Caesars to count on MICE and entertainment in Japan bid

Caesars Entertainment is counting on its MICE and entertainment experience to carry off the prize of a casino license in Japan, says William Shen, the company’s managing director for Japan and South Korea.

Caesars is interested in four destinations in Japan, including Osaka and Tomakomai. Speaking in an interview at G2E Asia, Shen outlined what he sees as Caesar’s unique selling points for the hotly contested licenses. In the first round of bidding only three IRs will be permitted and most of the major names in the global gambling industry are lobbying hard.

“We are the most trusted, transparent partner and can offer transformative capabilities that can have a lasting impact on Japan and that can be proven,” he said. “We do engage in long-term partnerships, we have consistently been the industry leader in all facets of CSR and responsible gaming, whether it’s to be the first to commit to climate change goals, or the first to commit to gender equality rules.”

“At the end of the day there’s very few IR operators that have the true depth of experience in the two areas that Japan cares about most which are MICE and entertainment. And if anyone really pushes to understand exactly how strong we are in those two dimensions it will make us stand out.”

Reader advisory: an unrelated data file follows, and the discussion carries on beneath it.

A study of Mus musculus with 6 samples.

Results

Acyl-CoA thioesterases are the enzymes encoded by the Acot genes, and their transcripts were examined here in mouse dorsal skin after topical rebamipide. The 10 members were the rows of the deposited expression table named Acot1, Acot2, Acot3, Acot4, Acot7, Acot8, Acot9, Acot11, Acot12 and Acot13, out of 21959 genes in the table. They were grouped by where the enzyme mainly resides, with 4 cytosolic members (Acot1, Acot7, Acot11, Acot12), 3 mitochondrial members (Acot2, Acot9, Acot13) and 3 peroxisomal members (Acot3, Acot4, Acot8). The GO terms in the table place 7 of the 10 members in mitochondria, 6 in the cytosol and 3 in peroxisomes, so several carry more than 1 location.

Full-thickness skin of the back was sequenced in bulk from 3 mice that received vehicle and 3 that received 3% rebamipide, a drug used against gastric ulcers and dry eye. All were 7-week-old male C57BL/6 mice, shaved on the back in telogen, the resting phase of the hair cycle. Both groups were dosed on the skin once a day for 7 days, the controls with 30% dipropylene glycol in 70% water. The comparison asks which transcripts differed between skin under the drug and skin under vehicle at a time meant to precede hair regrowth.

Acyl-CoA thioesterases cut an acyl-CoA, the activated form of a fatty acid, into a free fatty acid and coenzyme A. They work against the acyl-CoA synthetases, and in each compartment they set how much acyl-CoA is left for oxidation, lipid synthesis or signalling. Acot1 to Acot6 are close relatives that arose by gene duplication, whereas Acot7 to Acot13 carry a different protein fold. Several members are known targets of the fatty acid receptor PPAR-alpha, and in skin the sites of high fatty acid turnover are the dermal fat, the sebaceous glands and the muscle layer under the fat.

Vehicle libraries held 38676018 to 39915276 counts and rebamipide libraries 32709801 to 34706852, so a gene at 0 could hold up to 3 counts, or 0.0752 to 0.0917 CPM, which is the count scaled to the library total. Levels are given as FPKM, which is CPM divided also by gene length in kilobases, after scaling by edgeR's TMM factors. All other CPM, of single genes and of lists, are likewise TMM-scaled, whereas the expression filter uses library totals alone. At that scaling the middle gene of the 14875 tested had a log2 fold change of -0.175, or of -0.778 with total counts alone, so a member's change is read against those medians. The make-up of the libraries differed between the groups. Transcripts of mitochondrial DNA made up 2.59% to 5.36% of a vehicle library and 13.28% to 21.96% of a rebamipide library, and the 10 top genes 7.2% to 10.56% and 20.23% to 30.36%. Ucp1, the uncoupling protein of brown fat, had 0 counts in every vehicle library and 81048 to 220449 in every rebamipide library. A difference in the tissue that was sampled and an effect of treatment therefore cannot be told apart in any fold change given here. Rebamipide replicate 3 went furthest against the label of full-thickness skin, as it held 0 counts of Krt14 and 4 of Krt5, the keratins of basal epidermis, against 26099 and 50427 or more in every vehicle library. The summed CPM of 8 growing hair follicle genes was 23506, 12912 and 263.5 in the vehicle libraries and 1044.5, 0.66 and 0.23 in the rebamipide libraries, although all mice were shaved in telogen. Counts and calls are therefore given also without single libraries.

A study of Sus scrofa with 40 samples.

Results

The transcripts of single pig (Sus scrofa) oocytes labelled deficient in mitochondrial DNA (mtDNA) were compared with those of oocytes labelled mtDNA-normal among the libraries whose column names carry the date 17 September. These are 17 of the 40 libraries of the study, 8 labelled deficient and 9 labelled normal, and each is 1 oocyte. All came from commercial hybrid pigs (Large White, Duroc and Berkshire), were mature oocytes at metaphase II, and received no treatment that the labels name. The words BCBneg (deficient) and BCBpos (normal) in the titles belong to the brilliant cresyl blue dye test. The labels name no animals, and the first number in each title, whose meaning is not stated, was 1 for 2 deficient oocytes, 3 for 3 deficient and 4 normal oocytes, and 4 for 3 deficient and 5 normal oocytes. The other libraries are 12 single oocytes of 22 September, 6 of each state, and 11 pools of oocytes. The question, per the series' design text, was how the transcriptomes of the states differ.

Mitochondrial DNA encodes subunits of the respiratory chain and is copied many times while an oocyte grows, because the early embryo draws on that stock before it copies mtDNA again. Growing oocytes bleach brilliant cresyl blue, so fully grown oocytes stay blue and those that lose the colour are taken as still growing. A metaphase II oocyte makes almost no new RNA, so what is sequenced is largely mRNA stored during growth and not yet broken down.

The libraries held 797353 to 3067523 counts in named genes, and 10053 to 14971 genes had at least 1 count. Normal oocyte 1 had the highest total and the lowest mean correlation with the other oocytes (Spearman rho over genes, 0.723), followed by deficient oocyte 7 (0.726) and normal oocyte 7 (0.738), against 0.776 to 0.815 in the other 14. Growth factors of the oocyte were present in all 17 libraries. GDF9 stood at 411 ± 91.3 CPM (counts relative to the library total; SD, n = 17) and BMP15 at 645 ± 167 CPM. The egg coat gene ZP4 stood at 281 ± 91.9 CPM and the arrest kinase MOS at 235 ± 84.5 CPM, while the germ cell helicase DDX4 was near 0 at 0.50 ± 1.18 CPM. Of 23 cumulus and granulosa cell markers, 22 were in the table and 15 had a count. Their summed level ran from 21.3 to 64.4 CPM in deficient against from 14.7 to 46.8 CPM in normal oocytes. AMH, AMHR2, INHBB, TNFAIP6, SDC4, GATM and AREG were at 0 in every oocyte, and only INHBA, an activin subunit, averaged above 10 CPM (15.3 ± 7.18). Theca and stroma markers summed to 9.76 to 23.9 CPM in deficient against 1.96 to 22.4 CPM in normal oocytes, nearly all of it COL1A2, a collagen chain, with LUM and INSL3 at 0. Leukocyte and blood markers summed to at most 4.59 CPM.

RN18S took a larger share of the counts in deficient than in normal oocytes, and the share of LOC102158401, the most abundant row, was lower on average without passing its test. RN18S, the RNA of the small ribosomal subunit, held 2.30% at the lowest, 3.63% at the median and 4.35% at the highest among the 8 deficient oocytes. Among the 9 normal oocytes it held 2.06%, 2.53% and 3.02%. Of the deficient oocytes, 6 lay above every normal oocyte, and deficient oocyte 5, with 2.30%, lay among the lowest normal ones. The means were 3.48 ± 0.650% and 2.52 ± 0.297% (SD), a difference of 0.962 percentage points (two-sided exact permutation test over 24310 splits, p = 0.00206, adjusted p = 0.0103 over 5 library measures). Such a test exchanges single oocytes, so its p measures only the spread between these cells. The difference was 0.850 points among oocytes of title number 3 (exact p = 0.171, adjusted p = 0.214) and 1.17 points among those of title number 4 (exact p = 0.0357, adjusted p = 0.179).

Like most of the players seeking a license, Caesars has been building its presence on the ground for some time and has recently announced several initiatives to raise its profile and improve its chances.

In March, group CEO Mark Frissora and other senior executives visited Japan and announced a

CSR fund, with an initial pledge of 25 million yen towards Responsible Gaming Initiatives in Japan. While in February, it became an official sponsorship partner of the 2025 World Expo Committee’s bid to host the World Expo 2025 in Osaka, Kansai.

It is also sponsoring singer Celine Dion’s 2018 Japan tour.

The company’s MICE team supports approximately 16,000 meetings and conferences and hosts two million attendees annually.

Shen said Caesars, which emerged from bankruptcy protection last year, would be willing to become a minority partner in a Japanese consortium and has not set a minimum limit.